Buck Pulled in Different Directions, Markets Tense
MARCH 29, 2021
The U.S. Dollar is trading in a mixed direction this morning, seeing some commodity-based currencies rise with news that the gigantic ship that was stuck in the Suez Canal has been dislodged and is now in the process of moving through.
Last week’s unique accident put all kinds of global producers and suppliers in a bind with the pandemic already making commercial trade difficult enough.
We shall monitor just how much of a boost this will be to emerging currencies as well as the Antipodean tender of “Aussie” and “Kiwi.” Oil prices resurged, giving signals to markets that there will be demand and positive momentum going into this week. Long-term prices could be affected by more production from Iran and other nations whose economies are not yet expanding in the midst of the medical crisis. Over the weekend, it was established that while the U.S. is making progress in inoculation efforts while the rest of the world struggles with infection needing further safety measures.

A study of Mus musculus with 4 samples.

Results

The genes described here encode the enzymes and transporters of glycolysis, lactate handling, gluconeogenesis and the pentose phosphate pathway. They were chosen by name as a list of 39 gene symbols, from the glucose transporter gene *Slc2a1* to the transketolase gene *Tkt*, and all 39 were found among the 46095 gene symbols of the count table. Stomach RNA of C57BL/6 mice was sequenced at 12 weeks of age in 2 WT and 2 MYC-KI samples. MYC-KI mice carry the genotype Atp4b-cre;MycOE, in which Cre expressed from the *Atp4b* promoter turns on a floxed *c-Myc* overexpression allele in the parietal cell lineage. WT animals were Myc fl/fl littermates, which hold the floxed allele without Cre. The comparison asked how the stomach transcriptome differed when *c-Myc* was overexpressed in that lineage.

We will get a clearer look at economic activity as we expect a deluge of data by end of the week. Global markets this morning are a little tense based on the unprecedented sell-off that occurred Friday caused by Tiger Management. Speculators are wondering if it is a sign of a correction to come. Meanwhile, we shall see if the buck manages to maintain strength as a safe-haven since COVID cases keep popping elsewhere.
What to Watch Today…
- No major events scheduled for today
The Euro fell last week primarily as no positive developments in the COVID front are suggesting a much longer battle than anticipated against the pandemic. The effects have been clear with ongoing contractions and the European Central Bank has shown interest in reducing the risk of higher bond yields as this could impact inflation and thus slow down the recovery.
While not much has changed in describing the Euro-zone in the past few weeks, the problems are now well-known so any efforts or items that look like resolution could give some life back to the shared currency. Any deterioration may not be a surprise, but it would add worry about the continent’s well-being.
While there is good news in the U.K. as the Moderna vaccine is added to their medical arsenal, the relationship with the EU may have another ugly chapter to add this week. Reports from the U.K. are saying that the Bank of England feels too many banking positions are heading to Europe and will demand lenders to ask for approval prior to relocating any more jobs.
This only adds to tensions as the imports of vaccines may be compromised after last week’s attempts by both EU and U.K. to mend those disagreements. Sterling found support, especially after data showed February was not as sluggish as expected, but we shall see swings as the diplomatic mishaps continue.